HUD Secretary Carson Testifies Adds Obstacles to Fair Housing

HUD Secretary Carson Looks to Impose Work Requirements, Increase Rent, and More

On June 27, 2018, the House Financial Services Committee held a hearing “Oversight of the Department of Housing and Urban Development” where HUD Secretary Carson spoke. The hearing covered a variety of topics including HUD’s proposals to impose work requirements, increase rents, in addition to the topics of fair housing and disaster recovery.

Many lawmakers opposed HUD’s proposals to increase rents and impose work requirements on people receiving housing assistance. HUD plans to triple the minimum rent from $50/month to $150/month. In addition, the proposals would eliminate deductions for healthcare and childcare.

According to HUD Secretary Carson, “not many people” would be affected by tripling the minimum rent. Later, he admitted almost 470,000 people with extremely low incomes would be severely impacted.

HUD Secretary Carson described work requirements for federally subsidized housing as a way to get people out of subsidized housing. He continues to push for work requirements despite recent indications that HUD is backing down on the proposals.

Committee Ranking Member U.S. Representative Maxine Waters (D-CA-43) stated that the justifications to increase rent were not valid. HUD Secretary Carson initially said his proposals were to make individuals more self-sufficient but, later backtracked, saying the rent increases would no longer be necessary since HUD received increased funding from the bipartisan budget agreement.

Lawmakers are also concerned the HUD’s actions undermine the Fair Housing Act, specifically its decision to suspend the Affirmatively Furthering Fair Housing Rule. Despite HUD Secretary Carson claiming, “all discrimination is serious,” he offered no plans to combat this type of discrimination.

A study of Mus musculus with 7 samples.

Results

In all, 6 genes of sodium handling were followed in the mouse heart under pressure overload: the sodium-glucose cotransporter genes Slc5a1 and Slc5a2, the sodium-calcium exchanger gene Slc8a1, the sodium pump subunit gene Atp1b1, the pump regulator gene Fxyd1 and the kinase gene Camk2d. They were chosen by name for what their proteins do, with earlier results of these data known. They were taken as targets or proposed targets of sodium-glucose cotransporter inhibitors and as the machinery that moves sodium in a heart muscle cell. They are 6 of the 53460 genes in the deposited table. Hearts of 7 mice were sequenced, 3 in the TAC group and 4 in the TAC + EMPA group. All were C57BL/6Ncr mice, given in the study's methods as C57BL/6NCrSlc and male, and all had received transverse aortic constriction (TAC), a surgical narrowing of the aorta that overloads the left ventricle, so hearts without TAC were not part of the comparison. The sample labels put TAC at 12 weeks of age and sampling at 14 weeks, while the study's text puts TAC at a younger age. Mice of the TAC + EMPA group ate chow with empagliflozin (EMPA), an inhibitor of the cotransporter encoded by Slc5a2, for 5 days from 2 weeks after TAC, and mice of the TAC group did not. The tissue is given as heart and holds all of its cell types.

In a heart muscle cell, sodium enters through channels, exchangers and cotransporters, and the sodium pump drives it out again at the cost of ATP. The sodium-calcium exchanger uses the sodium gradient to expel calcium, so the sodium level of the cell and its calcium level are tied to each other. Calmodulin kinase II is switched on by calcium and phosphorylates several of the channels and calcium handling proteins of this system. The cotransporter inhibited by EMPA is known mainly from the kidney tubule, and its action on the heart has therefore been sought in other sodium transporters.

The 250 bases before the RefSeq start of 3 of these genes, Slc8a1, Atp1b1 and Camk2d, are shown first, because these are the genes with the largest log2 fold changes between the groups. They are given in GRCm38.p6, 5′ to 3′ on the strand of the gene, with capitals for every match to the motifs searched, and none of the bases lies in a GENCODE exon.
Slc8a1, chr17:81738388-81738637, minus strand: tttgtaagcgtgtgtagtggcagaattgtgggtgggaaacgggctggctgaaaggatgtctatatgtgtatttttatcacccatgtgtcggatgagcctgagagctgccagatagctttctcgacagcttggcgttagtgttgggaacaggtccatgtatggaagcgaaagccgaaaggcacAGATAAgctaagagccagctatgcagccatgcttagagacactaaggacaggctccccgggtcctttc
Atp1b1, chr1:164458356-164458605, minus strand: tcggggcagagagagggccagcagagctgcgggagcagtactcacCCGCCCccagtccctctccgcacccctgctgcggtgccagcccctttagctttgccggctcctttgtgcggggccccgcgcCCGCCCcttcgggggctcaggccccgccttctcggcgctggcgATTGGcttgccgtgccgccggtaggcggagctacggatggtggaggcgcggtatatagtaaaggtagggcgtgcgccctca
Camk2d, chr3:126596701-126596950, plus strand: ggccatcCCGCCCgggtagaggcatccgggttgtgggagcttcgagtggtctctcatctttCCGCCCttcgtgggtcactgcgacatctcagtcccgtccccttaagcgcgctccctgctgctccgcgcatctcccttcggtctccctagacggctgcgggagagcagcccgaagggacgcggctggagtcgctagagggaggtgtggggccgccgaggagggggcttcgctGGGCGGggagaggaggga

U.S. Representative Ann Wagner (R-MO-2) spoke about the need for comprehensive housing recovery efforts. Carson agrees that the Community Development Block Grant- Disaster Recovery (CDGB-DR) should be codified into law.

If you are passionate about preserving the Fair Housing Act, you should attend the July 25th, a Congressional Reception will be held at the Dirksen Senate Auditorium in Washington D.C. This event will allow New Jersey residents who are working poor, below the poverty line and or impacted by homelessness to urge their elected officials in Washington to make No Cuts to Housing and remind them that Opportunity Starts at Home.

We know that by joining together and amplifying our voices, we can have an impact on the decisions that are made in Washington DC. Join Monarch Housing Associates and our 35 partners from New Jersey to make the case that homelessness is a solvable problem. The federal government must be a full partner in ensuring an adequate breadth of services are available to prevent children, people with disabilities, the elderly, and all of our neighbors in NJ from experiencing the homelessness.

Register today to attend the Congressional Reception. Everyone needs to register even if you are traveling on your own.

Click here for more information about the Congressional Reception.

You can also follow @OppStartsatHome in order to learn more about the National Low Income Housing Coalition’s Opportunity Starts at Home Campaign.